Start Date
End Date
Total Funding
€ 5 082 027
Funding Programme
European Countries Involved

Neuronal circuits in mammalian brain act predominantly via excitatory synapses on dendritic spines. Formation of new spines in adult brain constitutes the structural basis of neuronal plasticity. The underlying molecular mechanisms remain largely unknown but depend essentially on kinase-dependent signalling pathways. Final formation of synapses on spines depends on dynamic interactions of microtubuli and actin-filaments that are also controlled by kinases. Deterioration of these processes to different extents are thought to cause the cognitive decline in normal ageing as well in Alzheimer's disease (AD) and familial fronto-temporal dementia (FTD). Protein tau is a microtubule associated protein and GSK-3 kinases are proposed as the major tau-kinases in vivo. Their exact contributions remain to be functionally defined in vivo both in normal neuronal plasticity and in degeneration. We develop pre-clinical models for AD and FTD that have tauopathy in common as essential pathogenic component and will explore the GSK-3 kinases in vivo by manipulating their activity genetically, pharmacologically and biochemically. Inhibitors are wanted that are effective and specific and enter brain in vivo. This proposal engages in three activities: (i) elucidate physiological functions of GSK-3 kinases in synaptic plasticity in adult and ageing brain, and in degenerating brain; define fundamental neuron-specific functions of GSK-3 kinases in vivo in novel mouse models; define contributions of GSK-3 kinases to amyloid and to tau pathology, separately and combined in vivo in validated mouse models (ii) design novel inhibitors of GSK-3 kinases and alternative tools to inhibit GSK-3 activity in vivo (iii) test pharmacological and peptidometic inhibitors of GSK-3 in validated mouse models of neurodegeneration for their restorative potential; analyse their mode of action and their acute and chronic effects by multi-parametric analysis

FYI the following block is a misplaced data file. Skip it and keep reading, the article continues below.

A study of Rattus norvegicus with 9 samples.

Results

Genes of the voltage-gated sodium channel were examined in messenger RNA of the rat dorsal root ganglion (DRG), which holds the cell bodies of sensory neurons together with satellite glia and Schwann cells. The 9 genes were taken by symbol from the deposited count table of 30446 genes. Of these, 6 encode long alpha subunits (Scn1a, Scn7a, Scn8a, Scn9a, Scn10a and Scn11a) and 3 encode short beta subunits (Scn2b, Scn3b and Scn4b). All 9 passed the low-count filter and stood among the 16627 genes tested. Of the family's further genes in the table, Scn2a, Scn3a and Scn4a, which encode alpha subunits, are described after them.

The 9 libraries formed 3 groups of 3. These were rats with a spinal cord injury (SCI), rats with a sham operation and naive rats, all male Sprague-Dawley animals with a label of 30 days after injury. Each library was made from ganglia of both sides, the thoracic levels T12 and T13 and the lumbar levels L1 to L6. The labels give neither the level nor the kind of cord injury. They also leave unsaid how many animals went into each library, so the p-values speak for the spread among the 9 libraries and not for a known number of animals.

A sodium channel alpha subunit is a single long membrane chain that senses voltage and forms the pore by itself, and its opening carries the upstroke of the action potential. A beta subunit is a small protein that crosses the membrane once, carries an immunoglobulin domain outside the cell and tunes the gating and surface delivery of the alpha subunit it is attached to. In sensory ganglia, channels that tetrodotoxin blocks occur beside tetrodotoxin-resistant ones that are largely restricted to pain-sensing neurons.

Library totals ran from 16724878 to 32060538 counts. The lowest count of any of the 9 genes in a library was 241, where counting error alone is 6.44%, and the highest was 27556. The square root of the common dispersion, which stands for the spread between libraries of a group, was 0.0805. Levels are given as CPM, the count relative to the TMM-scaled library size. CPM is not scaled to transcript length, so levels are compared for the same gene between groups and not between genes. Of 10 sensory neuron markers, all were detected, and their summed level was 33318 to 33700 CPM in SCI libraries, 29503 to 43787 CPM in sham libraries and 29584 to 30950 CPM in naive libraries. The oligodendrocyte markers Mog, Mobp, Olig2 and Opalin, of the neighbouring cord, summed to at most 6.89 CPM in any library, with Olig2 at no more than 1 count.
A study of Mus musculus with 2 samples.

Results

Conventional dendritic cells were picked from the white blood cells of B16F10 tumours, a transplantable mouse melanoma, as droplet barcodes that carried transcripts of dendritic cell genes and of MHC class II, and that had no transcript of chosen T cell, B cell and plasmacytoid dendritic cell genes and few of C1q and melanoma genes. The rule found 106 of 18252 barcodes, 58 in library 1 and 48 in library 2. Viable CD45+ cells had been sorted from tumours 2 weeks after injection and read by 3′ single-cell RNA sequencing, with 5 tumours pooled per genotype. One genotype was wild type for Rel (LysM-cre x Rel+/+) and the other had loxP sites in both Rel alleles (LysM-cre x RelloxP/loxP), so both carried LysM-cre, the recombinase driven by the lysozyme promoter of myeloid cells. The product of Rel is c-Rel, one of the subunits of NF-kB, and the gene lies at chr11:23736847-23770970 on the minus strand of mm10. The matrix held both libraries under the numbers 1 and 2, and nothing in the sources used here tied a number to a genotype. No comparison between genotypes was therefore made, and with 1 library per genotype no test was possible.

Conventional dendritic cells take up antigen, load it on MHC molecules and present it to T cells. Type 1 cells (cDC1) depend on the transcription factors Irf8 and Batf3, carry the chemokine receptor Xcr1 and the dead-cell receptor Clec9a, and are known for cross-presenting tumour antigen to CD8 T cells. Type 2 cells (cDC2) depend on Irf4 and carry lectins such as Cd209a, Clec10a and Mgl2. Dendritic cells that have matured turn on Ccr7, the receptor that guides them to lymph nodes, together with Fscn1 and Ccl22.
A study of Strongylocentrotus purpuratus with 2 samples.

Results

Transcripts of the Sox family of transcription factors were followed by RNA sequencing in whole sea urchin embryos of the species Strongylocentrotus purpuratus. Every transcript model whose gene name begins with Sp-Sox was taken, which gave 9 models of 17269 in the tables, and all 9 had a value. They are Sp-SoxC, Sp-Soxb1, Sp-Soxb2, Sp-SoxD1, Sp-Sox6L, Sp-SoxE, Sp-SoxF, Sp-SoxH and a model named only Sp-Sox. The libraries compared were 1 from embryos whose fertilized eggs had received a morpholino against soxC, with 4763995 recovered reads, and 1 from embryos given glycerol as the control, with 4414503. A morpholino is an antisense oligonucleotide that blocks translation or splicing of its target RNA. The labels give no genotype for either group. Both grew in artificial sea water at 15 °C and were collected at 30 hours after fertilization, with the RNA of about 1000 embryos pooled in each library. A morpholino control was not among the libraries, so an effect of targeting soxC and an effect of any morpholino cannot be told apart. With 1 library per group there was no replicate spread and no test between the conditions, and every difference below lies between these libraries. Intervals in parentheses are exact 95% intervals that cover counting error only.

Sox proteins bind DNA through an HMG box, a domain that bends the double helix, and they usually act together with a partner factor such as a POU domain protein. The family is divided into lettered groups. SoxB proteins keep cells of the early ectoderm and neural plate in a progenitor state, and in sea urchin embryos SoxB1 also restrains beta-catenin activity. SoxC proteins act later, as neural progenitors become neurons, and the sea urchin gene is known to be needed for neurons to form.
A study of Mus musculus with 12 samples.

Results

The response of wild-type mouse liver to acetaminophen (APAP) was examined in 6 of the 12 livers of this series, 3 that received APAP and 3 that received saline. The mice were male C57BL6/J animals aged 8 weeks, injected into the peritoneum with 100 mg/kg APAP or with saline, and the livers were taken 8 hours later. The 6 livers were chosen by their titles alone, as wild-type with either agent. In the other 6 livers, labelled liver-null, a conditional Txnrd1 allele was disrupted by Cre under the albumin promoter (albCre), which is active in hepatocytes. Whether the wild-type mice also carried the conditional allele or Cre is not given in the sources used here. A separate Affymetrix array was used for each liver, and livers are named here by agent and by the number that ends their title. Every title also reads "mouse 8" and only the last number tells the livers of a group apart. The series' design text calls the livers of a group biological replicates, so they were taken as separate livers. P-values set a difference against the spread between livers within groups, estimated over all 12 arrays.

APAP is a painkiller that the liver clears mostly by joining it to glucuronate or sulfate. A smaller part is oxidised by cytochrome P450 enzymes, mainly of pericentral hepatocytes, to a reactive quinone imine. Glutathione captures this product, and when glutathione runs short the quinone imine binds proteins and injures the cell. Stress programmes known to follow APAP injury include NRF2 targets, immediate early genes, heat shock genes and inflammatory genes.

Project partners

Ludwig-Maximilians-Universitaet Muenchen
Tel Aviv University
Technische Universitat Darmstadt
Medical Research Council
International Institute Of Molecular And Cell Biology
Noscira Sa
Katholieke Universiteit Leuven

Alzheimer Europe's database on research projects was developed as part of the 2020 Work Plan which received funding under an operating grant from the European Union’s Health Programme (2014–2020).